Teenage kicks in Chepstow marathon as Raz De Maree goes one better
James Bowen has been tipped to become a future champion jockey ever since he turned conditional and the 16-year-old demonstrated he had the head for the big occasion as well when he landed the Coral Welsh Grand National on a horse, Raz De Maree, who is just three years his junior.
When Raz De Maree finished runner-up in last season's Chepstow marathon Bowen had yet to have his first ride under rules, but if it wasn't already obvious, the teenage tyro from West Wales underlined why he is regarded as one of the most exciting young jockeys in the weighing room by winning his home National on the Gavin Cromwell-trained veteran.
Bowen and Cromwell had to wait ten days after the race was rescheduled for their chance to show Raz De Maree, beaten a length and three quarters by Native River in the 2016 running, remained a force in long-distance events, despite turning 13 on New Year's Day.
They were still to play their hand when the pacesetting Wild West Wind crashed out at the 12th fence, a fall that hampered Vintage Clouds, Big Brown Bear and Bishops Road.
But when Alfie Spinner, the race's other 13-year-old, went on from the next fence, Raz De Maree came into his own, picking off rivals one by one to take the lead at the second last and stretch to a six lengths victory with Final Nudge third and Vintage Clouds fourth.
Bowen, who is the youngest winning rider of the race in modern times, is the youngest son of Pembrokeshire trainer Peter and younger brother of former champion conditional Sean, neither of whom have won the Welsh National
"You grow up watching these races at home and to win it in my first season riding is amazing," said James Bowen. "He has not travelled anywhere with me and going down the back I thought if we were able to get round and finish in the places we will have done well.
"Once he's got past the horses he has really locked on to Alfie Spinner and almost got there too soon in the end. He loves it and jumps so well."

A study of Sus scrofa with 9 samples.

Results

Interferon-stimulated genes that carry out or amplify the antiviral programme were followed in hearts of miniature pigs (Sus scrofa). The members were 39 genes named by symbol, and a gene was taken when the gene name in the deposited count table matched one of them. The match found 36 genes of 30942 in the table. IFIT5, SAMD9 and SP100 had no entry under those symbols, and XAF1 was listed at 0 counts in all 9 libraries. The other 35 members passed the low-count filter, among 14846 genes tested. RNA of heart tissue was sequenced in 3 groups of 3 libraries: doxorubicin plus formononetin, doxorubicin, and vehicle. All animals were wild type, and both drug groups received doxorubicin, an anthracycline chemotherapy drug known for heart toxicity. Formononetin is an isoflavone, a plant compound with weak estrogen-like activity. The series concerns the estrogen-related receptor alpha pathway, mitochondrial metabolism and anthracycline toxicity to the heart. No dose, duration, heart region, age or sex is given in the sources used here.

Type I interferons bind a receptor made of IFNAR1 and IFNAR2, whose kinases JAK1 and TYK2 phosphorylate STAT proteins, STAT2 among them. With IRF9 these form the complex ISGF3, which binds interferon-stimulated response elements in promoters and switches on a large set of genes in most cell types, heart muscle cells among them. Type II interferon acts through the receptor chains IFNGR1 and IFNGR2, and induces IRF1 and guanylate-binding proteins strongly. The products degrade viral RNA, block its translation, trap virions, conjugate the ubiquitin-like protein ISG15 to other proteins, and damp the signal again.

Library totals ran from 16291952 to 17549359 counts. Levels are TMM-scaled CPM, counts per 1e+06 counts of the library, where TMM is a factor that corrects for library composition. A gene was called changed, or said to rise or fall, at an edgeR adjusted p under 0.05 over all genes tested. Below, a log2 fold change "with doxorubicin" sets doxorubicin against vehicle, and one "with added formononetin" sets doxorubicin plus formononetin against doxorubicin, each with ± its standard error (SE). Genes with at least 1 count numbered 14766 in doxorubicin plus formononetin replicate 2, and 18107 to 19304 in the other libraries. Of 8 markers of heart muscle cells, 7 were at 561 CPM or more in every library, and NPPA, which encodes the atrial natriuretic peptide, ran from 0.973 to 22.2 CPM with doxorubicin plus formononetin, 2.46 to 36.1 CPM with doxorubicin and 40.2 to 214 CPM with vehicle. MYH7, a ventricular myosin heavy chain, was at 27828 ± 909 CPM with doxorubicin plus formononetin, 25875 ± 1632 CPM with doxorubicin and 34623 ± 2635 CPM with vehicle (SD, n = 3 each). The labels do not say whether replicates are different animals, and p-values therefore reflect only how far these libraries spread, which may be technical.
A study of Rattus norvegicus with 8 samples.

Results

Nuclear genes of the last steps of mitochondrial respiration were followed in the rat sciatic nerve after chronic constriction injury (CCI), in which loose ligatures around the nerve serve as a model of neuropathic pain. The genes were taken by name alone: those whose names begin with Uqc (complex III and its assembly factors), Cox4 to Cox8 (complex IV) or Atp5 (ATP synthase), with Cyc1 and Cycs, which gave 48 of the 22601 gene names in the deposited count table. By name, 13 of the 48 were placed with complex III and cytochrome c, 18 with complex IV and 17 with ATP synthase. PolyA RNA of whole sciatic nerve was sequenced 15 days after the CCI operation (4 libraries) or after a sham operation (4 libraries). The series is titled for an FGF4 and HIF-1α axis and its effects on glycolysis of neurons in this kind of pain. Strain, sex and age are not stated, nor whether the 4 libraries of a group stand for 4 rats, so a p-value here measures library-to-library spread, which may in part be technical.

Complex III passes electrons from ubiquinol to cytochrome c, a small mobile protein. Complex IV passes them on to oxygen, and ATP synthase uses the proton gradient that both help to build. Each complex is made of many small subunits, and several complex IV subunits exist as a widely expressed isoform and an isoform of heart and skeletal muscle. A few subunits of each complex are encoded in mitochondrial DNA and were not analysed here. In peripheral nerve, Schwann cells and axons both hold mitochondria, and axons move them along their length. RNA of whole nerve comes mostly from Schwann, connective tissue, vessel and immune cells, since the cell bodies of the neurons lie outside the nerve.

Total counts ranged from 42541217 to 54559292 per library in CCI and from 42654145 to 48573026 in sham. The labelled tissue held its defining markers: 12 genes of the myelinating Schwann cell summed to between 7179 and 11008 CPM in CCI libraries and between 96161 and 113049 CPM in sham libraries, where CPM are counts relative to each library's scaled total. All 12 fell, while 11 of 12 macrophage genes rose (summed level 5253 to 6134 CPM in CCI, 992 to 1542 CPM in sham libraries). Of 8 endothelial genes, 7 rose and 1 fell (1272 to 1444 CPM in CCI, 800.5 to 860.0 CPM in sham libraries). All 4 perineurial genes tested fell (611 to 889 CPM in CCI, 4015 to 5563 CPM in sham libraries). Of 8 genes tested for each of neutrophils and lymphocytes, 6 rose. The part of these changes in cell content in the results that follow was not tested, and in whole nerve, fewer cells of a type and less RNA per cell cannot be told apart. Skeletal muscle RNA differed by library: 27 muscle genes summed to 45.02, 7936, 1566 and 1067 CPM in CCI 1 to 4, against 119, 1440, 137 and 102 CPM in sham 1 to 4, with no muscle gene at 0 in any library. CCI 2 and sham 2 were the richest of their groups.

Raz De Maree equalled the record for the oldest horse ever to win the Welsh Grand National. The only previous winning 13-year-old was Snipe's Bridge in 1927, when the race was still run at Cardiff. He is only the second winner of the race trained in Ireland, the first being Notre Pere (Jim Dreaper) in 2008.
Cromwell, a farrier by trade, is Gordon Elliott's blacksmith but has developed a burgeoning training career alongside it in the last few seasons.
"Last year if you had taken Native River out of it he would have been an impressive winner," said Cromwell, 43.
"To be honest once he jumped the last two because he stays so well there was nothing going to get by him at that stage. He won't stop. If anything maybe he got there a bit too soon.
"I was delighted James accepted the ride. I had a few of the top jockeys come on after looking for the ride, but I wasn't going to swap him. The 5lb was very important. He is only a small little horse so if he creeps up over 11st he doesn't jump that well and finds it a struggle."
He added: "I have had two Grade 1 wins with Jer's Girl and that was fantastic but this is right up there. It's great for the Swan family [owners] who are neighbours of mine."
Alfie Spinner was denied a fourth Welsh National win in seven years for the stable of Kerry Lee, who won the race in 2016 and father Richard in 2013 and 2011.
His jockey Richard Patrick, 22, also hails from Pembrokeshire and began his riding career with the Bowen family.
Lee said: "Leading three out and two out was quite heart-stopping. I thought Richard Patrick gave his horse the most fantastic ride. It's his first Welsh National ride, as it is for James Bowen. We saw two young jockeys at the top of their game."
Final Nudge's trainer David Dennis said: "I think he's got the trip okay because he's held on for third and the front two have quickened away. He'll be entered in the National. Whether that's realistic I don't know, but the way he jumped and travelled it wouldn't be out of the question."